A couple of case studies from PHP world demonstrating how important it is that application framework authors provide carefully designed cryptography interface to programmes. Otherwise it’s almost certaint that will be implemented incorrectly. I’ve been pentesting an application written in PHP. The data flow was as follows:
- Take data from the user A.
- Encrypt the data using hard-coded key and make an URL of it (like http://example.com/ENCRYPTED).
- Send the URL in email to user B.
- User B clicks on URL, application decrypts data and displays it on the page.
Apart from cross-site request forgery and cross-site scripting issues there was yet another problem — with the encryption. Specifically, the application was built using CodeIgniter framework for PHP and it's encryption module has no message integrity checking. If you modified a character in the ENCRYPTED string, the decryption function will process this happily and you would see garbage characters on the final output page. See Practical Padding Oracle Attacks paper to understand what happens next.
I searched for other examples of encryption usage in PHP world.
A Cryptastic class does verify integrity, but for some strange reason it uses PBKDF2 with 1000 iterations of SHA-256. What purpose does it serve, apart from slowing the whole process down? No idea.
$mac = $this->pbkdf2($iv . $msg, $k, 1000, 32); # create macThis particular function PBKDF2 was designed to be intentionally slow when it's used for password hashing. But authenticity verification doesn't need to be slow. There's no security benefit from slowness in this particular usage scenario. Official PHP manual page for mcrypt_encrypt() shows an example on how this function should be used — again, without message integrity. There is one comment that highlight that (and it got -1). There's another code example in comments that also check for integrity (also got -1). Ideal programmer interface should probably look like Bernstein's NaCl crypto box concept. It's takes message m, key k and nonce n, and guarantees both confidentiality and integrity. And that's it. It doesn't expose any cryptic cipher-suite aliases and other internals that confuse programmers and are error prone. You can still break things — like using trivial key or non-once nonce — but the attack surface is reduced.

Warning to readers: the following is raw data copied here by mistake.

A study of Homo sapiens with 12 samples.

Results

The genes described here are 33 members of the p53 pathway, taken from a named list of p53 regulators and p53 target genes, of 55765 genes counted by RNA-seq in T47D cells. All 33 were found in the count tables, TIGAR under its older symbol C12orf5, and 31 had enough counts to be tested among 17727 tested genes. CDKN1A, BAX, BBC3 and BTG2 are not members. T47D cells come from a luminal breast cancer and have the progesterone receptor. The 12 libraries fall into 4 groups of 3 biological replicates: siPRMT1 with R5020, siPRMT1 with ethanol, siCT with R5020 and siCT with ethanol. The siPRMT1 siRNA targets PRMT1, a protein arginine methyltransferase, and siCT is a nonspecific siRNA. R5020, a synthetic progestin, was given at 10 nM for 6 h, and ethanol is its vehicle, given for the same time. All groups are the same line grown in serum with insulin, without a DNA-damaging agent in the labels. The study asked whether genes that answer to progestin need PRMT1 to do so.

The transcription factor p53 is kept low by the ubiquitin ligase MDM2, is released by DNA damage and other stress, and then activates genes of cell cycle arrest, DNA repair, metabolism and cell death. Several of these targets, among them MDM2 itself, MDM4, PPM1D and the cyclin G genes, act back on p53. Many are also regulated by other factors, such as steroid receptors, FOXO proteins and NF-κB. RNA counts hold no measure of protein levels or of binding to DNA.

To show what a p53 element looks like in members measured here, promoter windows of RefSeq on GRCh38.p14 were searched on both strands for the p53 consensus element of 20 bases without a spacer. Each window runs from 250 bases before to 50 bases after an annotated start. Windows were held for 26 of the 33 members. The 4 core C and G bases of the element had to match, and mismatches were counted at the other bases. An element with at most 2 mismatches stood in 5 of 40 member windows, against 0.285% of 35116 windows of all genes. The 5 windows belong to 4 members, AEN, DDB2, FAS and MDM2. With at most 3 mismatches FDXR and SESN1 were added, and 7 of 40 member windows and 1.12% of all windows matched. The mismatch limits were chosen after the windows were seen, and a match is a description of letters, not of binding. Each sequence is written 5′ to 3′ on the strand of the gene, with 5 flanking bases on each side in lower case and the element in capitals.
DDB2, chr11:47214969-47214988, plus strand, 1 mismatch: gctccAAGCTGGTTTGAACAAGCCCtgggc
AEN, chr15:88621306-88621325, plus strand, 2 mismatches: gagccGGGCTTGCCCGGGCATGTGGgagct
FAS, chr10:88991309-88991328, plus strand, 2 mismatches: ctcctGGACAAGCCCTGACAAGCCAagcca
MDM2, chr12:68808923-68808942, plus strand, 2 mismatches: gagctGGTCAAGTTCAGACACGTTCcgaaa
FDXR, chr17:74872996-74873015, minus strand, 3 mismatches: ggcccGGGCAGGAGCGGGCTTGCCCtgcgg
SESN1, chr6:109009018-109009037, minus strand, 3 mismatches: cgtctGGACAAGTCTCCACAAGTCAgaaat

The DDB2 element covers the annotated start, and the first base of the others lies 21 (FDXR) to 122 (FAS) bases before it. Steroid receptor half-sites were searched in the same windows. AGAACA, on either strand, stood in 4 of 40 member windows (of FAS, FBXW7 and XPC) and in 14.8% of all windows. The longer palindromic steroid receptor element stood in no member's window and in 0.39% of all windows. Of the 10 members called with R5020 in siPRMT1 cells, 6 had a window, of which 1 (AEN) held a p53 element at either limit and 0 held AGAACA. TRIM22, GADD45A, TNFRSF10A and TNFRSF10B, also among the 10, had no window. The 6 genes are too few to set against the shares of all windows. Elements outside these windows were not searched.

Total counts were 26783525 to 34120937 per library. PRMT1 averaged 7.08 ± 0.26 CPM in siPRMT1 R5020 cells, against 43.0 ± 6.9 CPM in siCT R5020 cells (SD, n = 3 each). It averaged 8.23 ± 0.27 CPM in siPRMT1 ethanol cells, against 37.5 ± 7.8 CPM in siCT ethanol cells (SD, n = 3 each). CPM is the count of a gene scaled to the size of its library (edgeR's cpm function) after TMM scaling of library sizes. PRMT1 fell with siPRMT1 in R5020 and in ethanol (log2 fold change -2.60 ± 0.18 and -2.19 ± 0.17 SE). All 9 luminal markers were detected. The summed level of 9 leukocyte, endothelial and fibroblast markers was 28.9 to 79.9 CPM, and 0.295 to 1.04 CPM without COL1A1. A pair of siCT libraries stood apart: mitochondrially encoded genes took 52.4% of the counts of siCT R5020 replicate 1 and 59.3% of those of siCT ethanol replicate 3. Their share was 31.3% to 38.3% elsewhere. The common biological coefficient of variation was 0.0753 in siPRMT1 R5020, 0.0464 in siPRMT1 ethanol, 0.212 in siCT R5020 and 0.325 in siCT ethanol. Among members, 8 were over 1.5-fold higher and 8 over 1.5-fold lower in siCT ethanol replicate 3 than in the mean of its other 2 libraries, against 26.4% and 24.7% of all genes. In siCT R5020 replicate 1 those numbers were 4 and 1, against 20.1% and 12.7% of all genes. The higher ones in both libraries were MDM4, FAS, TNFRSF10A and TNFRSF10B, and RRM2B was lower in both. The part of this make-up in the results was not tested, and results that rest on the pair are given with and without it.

c = crypto_secretbox(m,n,k);Microsoft CryptoAPI functions for encryption offer optional integrity protection (CryptEncrypt ). Newer DataProtector class "protects stored data from viewing and tampering", which suggests built-in integrity protection (concept similar to Windows DPAPI CryptProtectData ). You should also get familiar with combined authentication and encryption modes for block ciphers, such as OCB or CCM, as they provide exactly what we have discussed above — a single interface to both security functions. For Python I can recommend pyOCB and there's PHP-CryptLib that implements CCM mode.